Jarrod Mullen of the Knights looks to pass.
Jarrod Mullen of the Knights looks to pass. Tony Feder

Injuries took their toll on Jarrod Mullen

RUGBY LEAGUE: For my first column of 2017 I was tempted to suggest names of NRL players who might be the first to blot their copybook in the new year.

Discretion, however, became the better part of valour. As someone who has earned a living since 1980 from the sport I love, I decided not to start my 38th year covering the game on a negative note.

But there was no need to worry about my negativity tarnishing the game. The new year is not yet a month old and already James Roberts, Josh Papalii, Chris Sandow, Jarrod Mullen and Kyle Lovett have put their names up in lights.

Admittedly Roberts, Mullen and Lovett are still in the "innocent until found guilty” file, but the adverse publicity already generated has further tarnished the NRL brand. And sadly for a so-called professional sport, it's a black eye that is now never unexpected.

But, in the case of Jarrod Mullen, his brush with authorities is one from left field. On a list of 100 potential NRL law-breakers, his name would have been at the bottom.

For those who are unaware, the Newcastle playmaker has tested positive to steroids and faces a four-year ban. And, at 29, that would end his career.

Like his predecessor in the halves at Newcastle, Andrew Johns, Mullen was a local hero. But unlike Johns, until now he had a clean slate off the field and on the social front.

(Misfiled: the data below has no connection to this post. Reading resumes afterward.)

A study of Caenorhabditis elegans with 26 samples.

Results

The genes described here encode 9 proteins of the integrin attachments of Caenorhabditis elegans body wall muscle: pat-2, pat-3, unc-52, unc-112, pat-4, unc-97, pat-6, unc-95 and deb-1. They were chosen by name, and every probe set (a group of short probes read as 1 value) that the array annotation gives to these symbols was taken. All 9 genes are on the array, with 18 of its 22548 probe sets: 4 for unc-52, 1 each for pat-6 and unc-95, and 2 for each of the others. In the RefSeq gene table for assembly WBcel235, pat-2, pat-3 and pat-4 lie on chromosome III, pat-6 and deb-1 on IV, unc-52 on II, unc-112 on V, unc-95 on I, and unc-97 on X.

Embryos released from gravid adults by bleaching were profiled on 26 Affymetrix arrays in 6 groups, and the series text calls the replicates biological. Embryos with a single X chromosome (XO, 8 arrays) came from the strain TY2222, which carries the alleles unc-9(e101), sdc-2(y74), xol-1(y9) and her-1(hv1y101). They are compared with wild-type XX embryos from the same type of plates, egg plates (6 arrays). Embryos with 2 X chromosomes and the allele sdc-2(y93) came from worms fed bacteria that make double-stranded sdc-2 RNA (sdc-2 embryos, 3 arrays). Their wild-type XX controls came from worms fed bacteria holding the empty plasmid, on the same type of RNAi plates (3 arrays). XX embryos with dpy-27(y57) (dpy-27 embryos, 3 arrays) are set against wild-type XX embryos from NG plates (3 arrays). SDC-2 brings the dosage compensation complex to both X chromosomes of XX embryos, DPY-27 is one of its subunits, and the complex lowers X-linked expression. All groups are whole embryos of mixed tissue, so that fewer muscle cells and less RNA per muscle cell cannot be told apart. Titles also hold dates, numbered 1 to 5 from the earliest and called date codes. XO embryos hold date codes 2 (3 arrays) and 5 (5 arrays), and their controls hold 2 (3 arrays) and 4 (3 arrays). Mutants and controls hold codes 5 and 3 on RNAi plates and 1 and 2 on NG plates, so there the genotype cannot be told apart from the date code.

What, however, was not clean, was his medical record, particularly in recent years. He suffered from chronic hamstring issues and last year ripped his hamstring from the bone, which required surgery and sidelined him for three months.

During pre-season training in November, he tore the hamstring again. A week later he was tested by ASADA officials and the anabolic steroid Drostanolone, a performance-enhancing substance, was found in his system.

In short, Mullen is gone. Even if he rolls over to ASADA and dobs in those who supplied the drug, even a two-year suspension from any sport anywhere in the world would mean his career is still as good as over.

During his 211-game NRL stint, which kicked off when Mullen was just 17, we met just a few times. And he was one of those guys who made an immediate - and positive - impression.

Not only was Mullen an exceptional player who was often struck down when at his peak, but he was a terrific young bloke. He was extremely well regarded by his club hierarchy and teammates, and the people of Newcastle.

If he took the steroid knowingly, Mullen has obviously rolled the dice. We can only assume that so frustrated was he, he decided on a radical course of action - with a massive risk.

And while he can expect little sympathy for being so reckless, Mullen's other option was to sit back, still copping the $750,000 a season he was being paid by the Knights, and keep playing Russian roulette with his hamstring issues.

But that wasn't the Jarrod Mullen way. He wanted to earn his money.